How we cite our quotes:
"I wanted to [give my children the water], heaven knows. But, Winnie, how'd it have been if I had? My wife was nearly forty by then. And the children—well, what was the use? They'd have been near growed theirselves. They'd have had a pa close to the same age they was. No, it'd all have been so mixed up and peculiar, it just wouldn't have worked." (17.14)
Immortality sure raises a lot of moral issues, doesn't it? Miles had to sacrifice his wife and children in order to protect them from immortality and allow them to lead a normal life—and death.
Winnie thought about this peril to the frogs, and sighed. "It'd be nice," she said, "if nothing ever had to die."
"Well, now, I don't know," said Miles. "If you think on it, you come to see there'd be so many creatures, including people, we'd all be squeezed in right up next to each other before long."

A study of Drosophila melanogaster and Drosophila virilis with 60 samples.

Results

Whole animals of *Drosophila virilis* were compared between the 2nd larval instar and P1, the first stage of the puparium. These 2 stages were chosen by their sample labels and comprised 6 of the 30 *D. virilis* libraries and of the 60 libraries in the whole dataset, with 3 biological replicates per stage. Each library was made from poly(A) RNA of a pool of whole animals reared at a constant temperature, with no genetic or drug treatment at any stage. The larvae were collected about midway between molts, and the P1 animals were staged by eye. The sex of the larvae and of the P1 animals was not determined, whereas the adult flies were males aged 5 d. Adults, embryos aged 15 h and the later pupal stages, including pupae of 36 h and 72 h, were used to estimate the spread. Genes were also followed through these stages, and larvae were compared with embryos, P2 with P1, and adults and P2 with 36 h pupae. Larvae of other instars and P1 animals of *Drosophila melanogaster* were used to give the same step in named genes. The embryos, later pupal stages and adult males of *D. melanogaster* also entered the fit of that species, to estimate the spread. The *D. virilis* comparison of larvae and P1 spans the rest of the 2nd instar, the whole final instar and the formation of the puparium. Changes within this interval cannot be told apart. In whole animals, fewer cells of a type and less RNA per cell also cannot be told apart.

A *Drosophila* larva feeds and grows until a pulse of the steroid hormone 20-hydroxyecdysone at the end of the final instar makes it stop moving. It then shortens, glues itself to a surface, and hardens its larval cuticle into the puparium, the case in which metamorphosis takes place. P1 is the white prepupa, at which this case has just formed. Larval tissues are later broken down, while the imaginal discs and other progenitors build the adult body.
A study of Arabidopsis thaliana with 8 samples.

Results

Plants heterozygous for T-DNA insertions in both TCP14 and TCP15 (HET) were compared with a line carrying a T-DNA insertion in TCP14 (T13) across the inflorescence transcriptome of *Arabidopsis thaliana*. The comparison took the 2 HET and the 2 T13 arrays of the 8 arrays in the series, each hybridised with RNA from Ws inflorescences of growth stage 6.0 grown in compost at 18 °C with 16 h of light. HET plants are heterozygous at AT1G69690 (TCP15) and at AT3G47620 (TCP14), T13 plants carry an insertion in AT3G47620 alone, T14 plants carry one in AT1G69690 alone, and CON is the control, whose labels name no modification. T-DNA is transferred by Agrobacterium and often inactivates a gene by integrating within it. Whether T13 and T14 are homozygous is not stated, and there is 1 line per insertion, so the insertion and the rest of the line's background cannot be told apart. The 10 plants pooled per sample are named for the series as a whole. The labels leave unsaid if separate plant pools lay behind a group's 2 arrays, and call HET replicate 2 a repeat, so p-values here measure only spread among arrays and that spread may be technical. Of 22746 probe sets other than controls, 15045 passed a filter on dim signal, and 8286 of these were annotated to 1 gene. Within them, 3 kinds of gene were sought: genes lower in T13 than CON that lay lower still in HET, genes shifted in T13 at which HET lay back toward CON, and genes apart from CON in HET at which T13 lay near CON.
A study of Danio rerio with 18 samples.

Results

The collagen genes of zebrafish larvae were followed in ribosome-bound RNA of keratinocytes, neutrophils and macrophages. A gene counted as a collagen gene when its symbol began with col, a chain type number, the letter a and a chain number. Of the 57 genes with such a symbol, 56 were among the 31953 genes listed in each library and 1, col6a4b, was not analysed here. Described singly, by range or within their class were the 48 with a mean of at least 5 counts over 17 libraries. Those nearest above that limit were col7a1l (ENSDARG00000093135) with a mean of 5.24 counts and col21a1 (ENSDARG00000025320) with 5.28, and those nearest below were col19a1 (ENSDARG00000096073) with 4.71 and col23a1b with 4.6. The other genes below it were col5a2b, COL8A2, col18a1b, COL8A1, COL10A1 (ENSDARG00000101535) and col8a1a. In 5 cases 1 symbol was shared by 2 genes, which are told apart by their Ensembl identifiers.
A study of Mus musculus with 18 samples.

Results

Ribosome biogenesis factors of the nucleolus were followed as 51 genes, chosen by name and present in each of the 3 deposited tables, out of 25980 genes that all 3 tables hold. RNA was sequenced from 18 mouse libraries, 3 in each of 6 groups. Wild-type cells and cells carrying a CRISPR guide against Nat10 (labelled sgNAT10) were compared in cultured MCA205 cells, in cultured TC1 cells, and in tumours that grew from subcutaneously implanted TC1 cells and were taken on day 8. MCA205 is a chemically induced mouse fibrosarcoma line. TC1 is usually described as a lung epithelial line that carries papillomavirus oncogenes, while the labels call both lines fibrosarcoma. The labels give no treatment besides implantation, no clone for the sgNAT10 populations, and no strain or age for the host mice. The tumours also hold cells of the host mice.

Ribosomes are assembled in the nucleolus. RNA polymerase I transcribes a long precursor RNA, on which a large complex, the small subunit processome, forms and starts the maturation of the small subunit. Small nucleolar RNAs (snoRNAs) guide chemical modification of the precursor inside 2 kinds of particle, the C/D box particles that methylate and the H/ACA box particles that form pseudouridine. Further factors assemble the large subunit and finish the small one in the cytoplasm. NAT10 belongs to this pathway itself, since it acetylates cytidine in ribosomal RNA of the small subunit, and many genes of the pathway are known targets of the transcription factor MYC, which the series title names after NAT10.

Winnie squinted at her fishing line and tried to picture a teeming world. "Mmm," she said, "yes, I guess you're right." (17.18-20)
Living forever isn't quite as glamorous when you think about how crowded it would be. This is just one small example, but it makes Winnie (and us) realize that immortality would have its downsides.
The one glance she gave him fixed his appearance forever in Winnie's mind. She turned her eyes away quickly, looking to Tuck for relief. But Tuck was not looking back at her. Instead, he was gazing at the body on the ground, leaning forward slightly, his brows drawn down, his mouth a little open. It was as if he were entranced and—yes, envious—like a starving man looking through a window at a banquet. Winnie could not bear to see him like that. (20.12)
Yikes. It's at this moment that Winnie realizes just how tragic Tuck's situation is—he feels so trapped that he envies a man who has just been beaten to a pulp.